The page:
Middle East oil producers are making moves to boost their onshore crude storage capacity in Asia as they seek to strengthen their position with buyers in a region which still has a strong thirst for more oil.
As the traditional demand centres of the United States and Europe flatline following the global financial crisis, Middle East producers are increasingly being forced to fight for market share with Russia inside Asia.
New supplies from Russia to Asia may speed moves by Middle East producers to procure Asian storage. Cheaper and higher quality crude flowing in from the Russian East Siberia-Pacific Ocean (Espo) pipeline in the Far East, threatens to displace Middle East producers from key consuming Asian markets such as China, India, South Korea and Taiwan.
"Espo volumes are still low and do not pose a threat in the near term, however once ESPO flows increase in volume, Middle East producers may have to protect their market share," said Vivek Mathur, an analyst at Energy Security Analysis.
Last December, Saudi Arabia's Oil Minister Ali Al Naimi said the kingdom had accepted an offer to put "millions of barrels" of crude oil in commercial storage in Japan underscoring the increasing importance of China and Asia as demand centres. The deal is still under negotiation.
"The Saudis want a break bulk point and this is another way for them to get into China," said Al Troner, President of US-based Asia Pacific Energy Consulting (Apec).
The storage would facilitate breaking down large two million barrel cargoes that sail east from Saudi into smaller cargoes that can more easily meet demand variations and deliver to smaller coastal refineries.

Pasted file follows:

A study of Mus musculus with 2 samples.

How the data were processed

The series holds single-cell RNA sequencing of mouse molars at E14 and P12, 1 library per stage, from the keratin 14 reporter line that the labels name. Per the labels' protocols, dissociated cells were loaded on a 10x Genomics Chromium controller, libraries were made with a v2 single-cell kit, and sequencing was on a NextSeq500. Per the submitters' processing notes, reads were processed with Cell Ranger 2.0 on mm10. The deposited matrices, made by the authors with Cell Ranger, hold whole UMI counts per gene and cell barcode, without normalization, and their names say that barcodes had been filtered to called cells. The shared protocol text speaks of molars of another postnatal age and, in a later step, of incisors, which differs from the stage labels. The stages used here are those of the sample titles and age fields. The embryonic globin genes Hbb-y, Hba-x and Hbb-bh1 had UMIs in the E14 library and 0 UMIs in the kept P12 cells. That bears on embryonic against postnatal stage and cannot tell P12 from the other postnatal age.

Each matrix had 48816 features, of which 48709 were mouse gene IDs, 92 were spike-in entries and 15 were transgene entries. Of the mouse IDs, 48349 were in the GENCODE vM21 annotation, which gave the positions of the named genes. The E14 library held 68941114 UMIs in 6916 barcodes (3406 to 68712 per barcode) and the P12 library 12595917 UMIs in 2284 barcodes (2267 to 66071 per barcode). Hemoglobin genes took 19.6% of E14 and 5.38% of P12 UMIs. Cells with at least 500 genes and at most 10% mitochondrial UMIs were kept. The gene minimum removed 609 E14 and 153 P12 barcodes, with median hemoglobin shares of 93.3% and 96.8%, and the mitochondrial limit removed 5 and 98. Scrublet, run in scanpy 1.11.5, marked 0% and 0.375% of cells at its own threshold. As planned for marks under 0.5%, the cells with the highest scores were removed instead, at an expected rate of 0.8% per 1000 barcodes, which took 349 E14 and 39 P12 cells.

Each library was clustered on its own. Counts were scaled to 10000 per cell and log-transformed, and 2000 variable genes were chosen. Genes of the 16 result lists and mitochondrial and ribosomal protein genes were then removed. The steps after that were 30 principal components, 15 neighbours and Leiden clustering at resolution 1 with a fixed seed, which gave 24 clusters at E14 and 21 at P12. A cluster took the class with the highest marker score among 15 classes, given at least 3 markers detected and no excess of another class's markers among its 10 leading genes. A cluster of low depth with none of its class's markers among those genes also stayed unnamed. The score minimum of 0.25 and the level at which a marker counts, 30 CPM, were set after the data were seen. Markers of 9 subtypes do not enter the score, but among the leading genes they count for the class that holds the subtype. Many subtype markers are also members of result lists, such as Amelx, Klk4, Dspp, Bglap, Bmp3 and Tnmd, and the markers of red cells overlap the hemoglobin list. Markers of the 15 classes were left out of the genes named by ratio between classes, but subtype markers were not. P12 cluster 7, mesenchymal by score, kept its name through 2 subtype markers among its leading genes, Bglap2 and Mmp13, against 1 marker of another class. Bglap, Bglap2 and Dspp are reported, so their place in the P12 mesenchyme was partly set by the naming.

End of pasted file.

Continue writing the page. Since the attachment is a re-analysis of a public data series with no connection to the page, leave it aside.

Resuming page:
"The Saudis have storage in what they know is a key market, and they'd be able to get the oil to Japan or and China in case of any disruptions," said David Kirsch, PFC Energy's Director of Market Intelligence Service.
The Saudi move comes well behind Abu Dhabi, which pumps most of the oil being produced in the UAE.
In 2009, Abu Dhabi National Oil Company put the first crude in a reserve base in southern Japan, as part of deal it reached with Japan to store crude in the world's third-largest oil consumer.
The deals mirror similar agreements between South Korea and foreign oil firms including Norway's Statoil, Algeria's state-run Sonatrach, and France's Total, which Korea is looking to expand.
Still, storage has been in demand since the global economic slowdown ate into demand and encouraged traders to keep oil for sale later at a profit.
This would make it harder for Middle East and other producers to procure more tanks for their oil.
Besides North Asia, Middle East oil producers are also studying the options of storing their crude in South and Southeast Asia and South Asia, oil industry sources said.
Qatar has eyed storing crude on an Indonesian island 45 minutes sailing from trading hub Singapore.
Underground oil caverns Singapore have attracted interest from some Middle East producers including the Saudis, sources said. The kingdom has also considered storage in China.
Iran, the world's fifth-largest oil exporter, signed a memorandum of understanding in 2007 with China about the possibility of building a strategic crude storage terminal there.
Officials familiar with the project said that Tehran was making a concerted effort in 2010 to push this project.
India has also held talks with Middle East producers to jointly set up crude oil storage facilities to secure supplies.